Catholic art contest attracts quality work


Catholic art contest attracts quality work
By Mary Thomas
November 14, 2012

Craft on PBS

“Craft in America: Crossroads” debuts on WQED at 9 p.m. Friday featuring a fiber artist who finds inspiration in brain function, another who draws on the liminal zone between San Diego and Tijuana, and a trio of potters steeped in the legendary Hamada-Leach tradition.

The hour flies by quickly as the program takes viewers to the artists’ environments, watches over their shoulders as they create, and talks with them about what makes them tick.

The “Craft in America” series is as beautifully crafted as the work it examines, capturing the unique essence of individual artists, balancing between information and narrative to do so.

Tanya Aguiniga is a Rhode Island School of Design graduate whose sophisticated furniture design and fanciful installations, supported by an international, web-based jewelry business, are well represented. But the camera also visits her parents in their Tijuana, Mexico, home, and travels across the border as she did daily to attend elementary school near her American-born grandmother’s house in San Diego. She and her father would leave Tijuana at 3:30 or 4 a.m. so that he could get to work on time. She’d arrive at her grandmother’s at 5:30 “and then just wait for people to wake up.”

Filmed as she creates the installation “Crossing the Line” in a Los Angeles museum, Ms. Aguiniga says one of the first things that comes to mind when considering the piece is that the line is the border and it is artificial. Her work straddles functional and non-functional, craft and fine art, the traditional and modern. “I think it’s a very frontier sensibility. … My explorations in color and texture probably come from the Mexican side of me and the more minimalist aesthetic comes from the U.S. side of me.”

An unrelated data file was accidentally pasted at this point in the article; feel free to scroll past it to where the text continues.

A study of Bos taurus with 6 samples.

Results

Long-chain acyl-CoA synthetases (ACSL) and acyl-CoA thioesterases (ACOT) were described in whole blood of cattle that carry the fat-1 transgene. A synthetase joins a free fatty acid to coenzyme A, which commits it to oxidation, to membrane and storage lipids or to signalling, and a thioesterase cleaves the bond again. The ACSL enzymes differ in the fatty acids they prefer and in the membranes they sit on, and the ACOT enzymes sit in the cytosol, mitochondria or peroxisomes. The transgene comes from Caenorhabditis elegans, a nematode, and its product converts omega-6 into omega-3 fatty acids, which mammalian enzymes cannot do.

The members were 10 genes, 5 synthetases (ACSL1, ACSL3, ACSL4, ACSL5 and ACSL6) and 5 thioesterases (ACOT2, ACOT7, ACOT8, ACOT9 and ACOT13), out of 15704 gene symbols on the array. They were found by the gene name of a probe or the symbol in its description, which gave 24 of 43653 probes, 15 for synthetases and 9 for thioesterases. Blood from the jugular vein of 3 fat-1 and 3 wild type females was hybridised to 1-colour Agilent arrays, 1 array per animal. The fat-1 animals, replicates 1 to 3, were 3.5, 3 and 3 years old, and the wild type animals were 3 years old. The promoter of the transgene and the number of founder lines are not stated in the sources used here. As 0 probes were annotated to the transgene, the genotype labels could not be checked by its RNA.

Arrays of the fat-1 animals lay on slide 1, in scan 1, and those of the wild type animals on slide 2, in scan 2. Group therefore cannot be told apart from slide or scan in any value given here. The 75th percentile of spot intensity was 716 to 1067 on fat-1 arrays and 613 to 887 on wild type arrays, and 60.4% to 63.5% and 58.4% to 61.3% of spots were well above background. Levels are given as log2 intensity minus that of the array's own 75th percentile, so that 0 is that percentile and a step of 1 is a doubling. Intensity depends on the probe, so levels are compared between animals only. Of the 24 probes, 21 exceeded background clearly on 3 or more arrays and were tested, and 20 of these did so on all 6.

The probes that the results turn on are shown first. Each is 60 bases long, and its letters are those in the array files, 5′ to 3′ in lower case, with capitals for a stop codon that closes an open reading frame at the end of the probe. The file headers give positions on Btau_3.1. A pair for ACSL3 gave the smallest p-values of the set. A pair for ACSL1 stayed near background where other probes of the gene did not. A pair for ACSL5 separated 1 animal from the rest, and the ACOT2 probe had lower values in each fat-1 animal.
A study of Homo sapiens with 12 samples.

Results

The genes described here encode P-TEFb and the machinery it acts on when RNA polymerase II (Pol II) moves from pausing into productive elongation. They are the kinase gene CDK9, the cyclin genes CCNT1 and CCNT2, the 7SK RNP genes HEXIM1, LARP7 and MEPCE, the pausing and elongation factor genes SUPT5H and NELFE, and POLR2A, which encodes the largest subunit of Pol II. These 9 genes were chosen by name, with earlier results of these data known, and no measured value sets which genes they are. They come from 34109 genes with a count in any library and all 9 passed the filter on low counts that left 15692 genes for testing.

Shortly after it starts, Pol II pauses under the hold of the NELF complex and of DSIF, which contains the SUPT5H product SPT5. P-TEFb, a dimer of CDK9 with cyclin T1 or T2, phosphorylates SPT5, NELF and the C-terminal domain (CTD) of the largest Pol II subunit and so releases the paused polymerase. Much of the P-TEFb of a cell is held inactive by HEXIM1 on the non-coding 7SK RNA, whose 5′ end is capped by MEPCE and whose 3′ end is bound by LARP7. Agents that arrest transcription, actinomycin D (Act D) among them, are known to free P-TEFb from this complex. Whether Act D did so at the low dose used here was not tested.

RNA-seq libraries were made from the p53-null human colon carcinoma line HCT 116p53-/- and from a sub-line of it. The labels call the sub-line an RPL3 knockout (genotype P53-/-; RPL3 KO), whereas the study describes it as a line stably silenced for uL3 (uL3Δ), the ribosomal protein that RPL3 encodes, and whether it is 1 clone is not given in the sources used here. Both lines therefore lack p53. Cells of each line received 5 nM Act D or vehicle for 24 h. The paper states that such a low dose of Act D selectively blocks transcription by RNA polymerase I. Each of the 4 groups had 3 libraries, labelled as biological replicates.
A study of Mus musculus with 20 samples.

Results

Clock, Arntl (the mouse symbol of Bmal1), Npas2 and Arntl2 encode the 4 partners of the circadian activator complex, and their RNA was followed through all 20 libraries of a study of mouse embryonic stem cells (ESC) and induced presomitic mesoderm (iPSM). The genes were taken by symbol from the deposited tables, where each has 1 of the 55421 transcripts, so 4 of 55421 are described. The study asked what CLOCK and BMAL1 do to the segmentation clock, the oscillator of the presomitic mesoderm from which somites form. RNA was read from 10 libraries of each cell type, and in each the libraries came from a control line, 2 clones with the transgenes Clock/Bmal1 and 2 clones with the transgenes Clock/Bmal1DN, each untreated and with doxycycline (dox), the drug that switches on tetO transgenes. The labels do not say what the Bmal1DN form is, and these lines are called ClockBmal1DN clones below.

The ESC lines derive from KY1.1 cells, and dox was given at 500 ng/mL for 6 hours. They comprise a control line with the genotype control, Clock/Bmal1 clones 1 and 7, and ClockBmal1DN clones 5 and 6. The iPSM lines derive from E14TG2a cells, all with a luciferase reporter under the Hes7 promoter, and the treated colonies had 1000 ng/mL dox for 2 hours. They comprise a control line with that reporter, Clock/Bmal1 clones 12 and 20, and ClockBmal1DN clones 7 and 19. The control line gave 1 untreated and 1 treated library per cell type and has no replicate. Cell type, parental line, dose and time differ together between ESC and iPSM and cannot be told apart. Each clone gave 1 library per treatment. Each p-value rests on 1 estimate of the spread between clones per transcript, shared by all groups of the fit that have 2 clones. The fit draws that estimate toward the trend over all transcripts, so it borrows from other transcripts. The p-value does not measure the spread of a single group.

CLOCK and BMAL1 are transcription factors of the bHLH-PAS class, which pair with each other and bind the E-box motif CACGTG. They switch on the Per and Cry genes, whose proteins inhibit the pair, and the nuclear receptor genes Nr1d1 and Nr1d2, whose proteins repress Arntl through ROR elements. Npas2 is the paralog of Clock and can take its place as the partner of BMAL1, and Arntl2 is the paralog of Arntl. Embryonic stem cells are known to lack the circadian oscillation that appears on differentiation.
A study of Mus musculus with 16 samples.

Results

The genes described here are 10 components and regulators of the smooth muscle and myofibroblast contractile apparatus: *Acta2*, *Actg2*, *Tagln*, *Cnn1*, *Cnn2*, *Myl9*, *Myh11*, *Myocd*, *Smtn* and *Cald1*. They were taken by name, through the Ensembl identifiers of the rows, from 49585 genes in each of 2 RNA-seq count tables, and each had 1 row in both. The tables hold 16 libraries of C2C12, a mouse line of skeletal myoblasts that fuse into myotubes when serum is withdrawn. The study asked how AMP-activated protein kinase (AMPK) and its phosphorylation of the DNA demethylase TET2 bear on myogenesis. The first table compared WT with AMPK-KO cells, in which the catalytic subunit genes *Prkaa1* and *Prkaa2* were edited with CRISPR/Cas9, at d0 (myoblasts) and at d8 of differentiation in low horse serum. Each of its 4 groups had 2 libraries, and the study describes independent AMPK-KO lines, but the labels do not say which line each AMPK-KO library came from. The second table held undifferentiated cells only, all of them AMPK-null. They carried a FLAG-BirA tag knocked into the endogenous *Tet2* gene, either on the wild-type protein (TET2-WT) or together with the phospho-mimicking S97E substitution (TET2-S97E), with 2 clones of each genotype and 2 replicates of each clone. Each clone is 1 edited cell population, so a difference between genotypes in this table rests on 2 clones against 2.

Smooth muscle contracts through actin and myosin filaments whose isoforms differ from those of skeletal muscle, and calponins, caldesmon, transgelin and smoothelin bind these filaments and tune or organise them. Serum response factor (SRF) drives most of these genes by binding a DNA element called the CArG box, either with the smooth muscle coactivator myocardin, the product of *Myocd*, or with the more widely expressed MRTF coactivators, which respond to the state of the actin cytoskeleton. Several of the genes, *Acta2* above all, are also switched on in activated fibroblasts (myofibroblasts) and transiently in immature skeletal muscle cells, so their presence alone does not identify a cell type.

Next up are three Midwestern potters, Clary Illian, Jeff Oestreich and Warren MacKenzie, the latter of whom is represented in Carnegie Museum of Art collections. At different times in the 1950s and ’60s, each apprenticed with the famed Bernard Leach in St. Ives, England, at the pottery established by the Brit and Japanese national treasure Shoji Hamada. Of particular interest are archival film clips from 1952 and later of both men, who taught aesthetics simultaneously with life philosophy (including a humility that fits their profession as potters and not ceramists).

The East-West coming together of Hamada and Leach exemplified a “new sense of what the human race could evolve into … how everybody gains when we’re open to The Other,” says Gail Kendall, potter and professor emeritus, University of Nebraska.

Finally, Berkeley resident Lia Cook shares the path that took her from a year in Sweden to learn traditional weaving to a residency at the University of Pittsburgh School of Medicine where she worked with Greg Siegle, associate professor of psychiatry. They observed people looking at her large-scale weavings of human faces and mapped, on a computer, brain response to that stimuli.

The artwork resultant from that residency was exhibited at the Society for Contemporary Craft, Strip District, where Ms. Cook and Mr. Siegle spoke in 2011. The society traveled the exhibition to three locations, including the Houston Center for Contemporary Craft, which appears in the program.

“What I’ve been impressed with is the similarities between art and science,” Mr. Siegle said of the project. “Both are creative efforts. Where the artist goes in to answer a question using one medium, the scientist goes in using a different tool box. The processes unfold similarly. You plan, you analyze or, in this case, create, you step back, look at what you’ve done, modify, and go do it again, until you’re happy that what you’ve uncovered is some essence of truth.”

Three crossroads — cross-border, cross-culture, cross-discipline — illustrate a universal language: Art.

The series continues next fall with “Craft in America: Forge,” and in December, when “Craft in America: Holiday” visits Christian, pagan, Hispanic and African-American traditions.